Energy drinks have become an incredibly significant product category in a very short period of time. It is no secret that Coca-Cola owns a roughly 17% stake in Monster, a deal that was arranged in 2015 largely for distribution purposes. Simply put, Coke has plenty of distribution, and distribution was what Monster marketers craved. It was a perfect match.

Image result for coke monster 

But now Coke wants more, and plans on introducing its own namesake brand which will surely compete with Monster's products. In essence, Coke will be cannibalizing its own revenue by competing with its strategic partner, but Coke marketers stand to gain much more by keeping 100% of a new product rather than a relatively paltry fraction of what Monster sells. The math makes sense, but surely Monster can't be too happy about what is transpiring.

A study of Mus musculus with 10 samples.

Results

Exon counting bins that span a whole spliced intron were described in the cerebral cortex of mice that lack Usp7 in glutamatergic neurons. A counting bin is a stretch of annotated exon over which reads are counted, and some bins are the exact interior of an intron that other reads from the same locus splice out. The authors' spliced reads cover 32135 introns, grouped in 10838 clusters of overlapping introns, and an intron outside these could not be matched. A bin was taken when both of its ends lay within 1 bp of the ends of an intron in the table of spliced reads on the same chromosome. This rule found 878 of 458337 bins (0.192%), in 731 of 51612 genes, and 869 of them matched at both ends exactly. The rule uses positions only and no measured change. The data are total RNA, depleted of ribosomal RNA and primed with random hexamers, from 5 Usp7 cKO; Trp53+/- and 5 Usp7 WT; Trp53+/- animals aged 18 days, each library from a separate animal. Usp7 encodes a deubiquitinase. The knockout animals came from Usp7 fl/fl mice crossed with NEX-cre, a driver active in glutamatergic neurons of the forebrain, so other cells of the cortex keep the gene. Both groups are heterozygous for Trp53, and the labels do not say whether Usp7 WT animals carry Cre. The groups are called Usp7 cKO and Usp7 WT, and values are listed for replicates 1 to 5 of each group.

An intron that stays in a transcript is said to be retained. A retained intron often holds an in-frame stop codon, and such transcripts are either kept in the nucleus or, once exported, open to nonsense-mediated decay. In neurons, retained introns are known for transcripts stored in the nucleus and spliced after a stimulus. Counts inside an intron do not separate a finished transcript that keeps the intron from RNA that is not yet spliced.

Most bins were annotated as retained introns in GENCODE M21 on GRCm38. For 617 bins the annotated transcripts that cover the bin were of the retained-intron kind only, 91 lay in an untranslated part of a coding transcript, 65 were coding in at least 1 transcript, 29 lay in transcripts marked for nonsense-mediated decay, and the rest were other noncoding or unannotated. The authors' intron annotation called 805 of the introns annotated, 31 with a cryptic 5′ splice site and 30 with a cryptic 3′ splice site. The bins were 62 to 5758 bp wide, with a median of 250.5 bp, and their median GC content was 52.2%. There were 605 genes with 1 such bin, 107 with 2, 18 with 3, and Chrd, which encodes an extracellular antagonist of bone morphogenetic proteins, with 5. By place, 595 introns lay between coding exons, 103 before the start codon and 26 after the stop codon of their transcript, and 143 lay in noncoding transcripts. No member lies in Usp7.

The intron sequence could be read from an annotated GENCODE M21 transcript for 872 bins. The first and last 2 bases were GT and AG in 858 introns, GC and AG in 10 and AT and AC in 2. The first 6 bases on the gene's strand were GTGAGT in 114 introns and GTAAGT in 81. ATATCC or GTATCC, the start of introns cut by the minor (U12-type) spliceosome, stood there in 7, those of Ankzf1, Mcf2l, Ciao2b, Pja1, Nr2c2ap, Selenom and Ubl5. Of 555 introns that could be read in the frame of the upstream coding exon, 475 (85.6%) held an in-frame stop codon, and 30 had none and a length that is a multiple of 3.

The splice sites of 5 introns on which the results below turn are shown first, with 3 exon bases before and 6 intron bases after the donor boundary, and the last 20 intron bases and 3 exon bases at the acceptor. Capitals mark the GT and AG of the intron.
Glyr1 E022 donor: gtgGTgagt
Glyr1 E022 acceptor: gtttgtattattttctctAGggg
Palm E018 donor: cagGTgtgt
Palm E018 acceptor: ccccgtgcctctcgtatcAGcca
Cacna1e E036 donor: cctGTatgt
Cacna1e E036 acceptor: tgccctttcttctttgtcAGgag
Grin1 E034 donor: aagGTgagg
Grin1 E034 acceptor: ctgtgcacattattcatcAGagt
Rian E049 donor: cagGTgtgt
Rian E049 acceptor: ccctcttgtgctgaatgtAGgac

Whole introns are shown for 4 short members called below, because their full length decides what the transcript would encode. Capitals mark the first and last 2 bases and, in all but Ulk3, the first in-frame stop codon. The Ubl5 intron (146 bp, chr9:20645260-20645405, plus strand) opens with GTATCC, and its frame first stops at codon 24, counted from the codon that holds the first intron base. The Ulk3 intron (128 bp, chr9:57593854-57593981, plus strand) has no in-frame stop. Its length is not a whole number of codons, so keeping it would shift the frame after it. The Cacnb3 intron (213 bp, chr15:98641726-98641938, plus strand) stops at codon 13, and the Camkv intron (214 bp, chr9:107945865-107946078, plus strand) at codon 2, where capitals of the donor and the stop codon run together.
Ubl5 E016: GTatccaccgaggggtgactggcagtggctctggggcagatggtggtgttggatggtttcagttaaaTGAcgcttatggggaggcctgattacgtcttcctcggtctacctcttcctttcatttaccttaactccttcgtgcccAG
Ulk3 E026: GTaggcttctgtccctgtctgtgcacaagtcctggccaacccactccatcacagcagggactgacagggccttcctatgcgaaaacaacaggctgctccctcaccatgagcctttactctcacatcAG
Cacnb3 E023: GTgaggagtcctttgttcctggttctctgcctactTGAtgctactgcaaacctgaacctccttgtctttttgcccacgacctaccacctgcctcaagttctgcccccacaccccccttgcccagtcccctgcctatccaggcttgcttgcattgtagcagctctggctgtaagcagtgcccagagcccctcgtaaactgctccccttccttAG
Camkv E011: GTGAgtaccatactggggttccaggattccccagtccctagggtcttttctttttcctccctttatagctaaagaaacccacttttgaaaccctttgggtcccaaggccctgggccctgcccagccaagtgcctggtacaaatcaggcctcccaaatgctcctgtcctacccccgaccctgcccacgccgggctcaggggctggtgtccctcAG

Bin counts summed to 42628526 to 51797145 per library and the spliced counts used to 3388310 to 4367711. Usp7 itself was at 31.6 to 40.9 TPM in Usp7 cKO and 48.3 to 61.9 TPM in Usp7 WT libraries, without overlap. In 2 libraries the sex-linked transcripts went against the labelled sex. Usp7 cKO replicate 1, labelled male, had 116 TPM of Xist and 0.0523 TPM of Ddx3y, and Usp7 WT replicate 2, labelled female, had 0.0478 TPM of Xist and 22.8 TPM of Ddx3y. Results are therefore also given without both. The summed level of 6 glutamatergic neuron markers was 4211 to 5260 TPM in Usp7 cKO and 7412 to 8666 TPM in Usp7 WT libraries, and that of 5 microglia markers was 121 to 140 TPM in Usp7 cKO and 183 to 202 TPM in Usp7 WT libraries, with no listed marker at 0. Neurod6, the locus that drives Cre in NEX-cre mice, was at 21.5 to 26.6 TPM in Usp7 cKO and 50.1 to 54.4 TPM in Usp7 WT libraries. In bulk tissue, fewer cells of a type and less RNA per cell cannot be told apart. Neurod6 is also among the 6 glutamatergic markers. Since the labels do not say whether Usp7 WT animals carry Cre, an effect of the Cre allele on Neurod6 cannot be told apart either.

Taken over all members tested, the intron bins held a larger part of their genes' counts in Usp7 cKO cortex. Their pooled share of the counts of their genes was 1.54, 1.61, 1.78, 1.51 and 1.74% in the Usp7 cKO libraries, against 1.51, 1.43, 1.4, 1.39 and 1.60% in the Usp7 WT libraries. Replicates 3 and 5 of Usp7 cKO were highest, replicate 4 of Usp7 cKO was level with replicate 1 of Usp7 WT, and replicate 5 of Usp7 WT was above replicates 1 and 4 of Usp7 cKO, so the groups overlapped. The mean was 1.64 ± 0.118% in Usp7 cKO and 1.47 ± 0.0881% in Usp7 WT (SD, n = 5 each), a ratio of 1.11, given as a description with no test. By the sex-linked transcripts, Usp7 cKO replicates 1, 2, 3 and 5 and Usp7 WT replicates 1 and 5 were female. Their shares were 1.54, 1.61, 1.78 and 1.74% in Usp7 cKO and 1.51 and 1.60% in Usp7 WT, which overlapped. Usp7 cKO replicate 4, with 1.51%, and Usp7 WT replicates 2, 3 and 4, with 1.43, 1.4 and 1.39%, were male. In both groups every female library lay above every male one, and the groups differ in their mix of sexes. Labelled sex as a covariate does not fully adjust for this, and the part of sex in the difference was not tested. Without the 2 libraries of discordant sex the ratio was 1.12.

Image result for coke monster

The deal Coke signed bars it from distributing competitive energy drinks but unfortunately for Monster, it excludes anything marketed under the Coke brand. Coke transferred ownership of its Full Throttle and NOS brands to Monster in 2015, and so perhaps marketers are remorseful about the decision and now thirsty for a larger share of the $15.3 billion category. The new product will be called Coca-Cola Energy, a rather unimaginative name, but a bit better than Full Throttle (pandering to the "extreme") or NOS (an obscure acronym).  The brand extension will be all-natural, appealing to the ever-prevalent health and wellness trend, and will hopefully juice a category whose annual growth has slowed to 1.5%, suggesting that it has reached the maturity stage of the category's life cycle. Coke needs growth too. Let's see what happens.

 

Discussion: Coke says it values its relationship with Monster. Do you agree? Do you think that Coke's brand equity will help this new product succeed? Why or why not?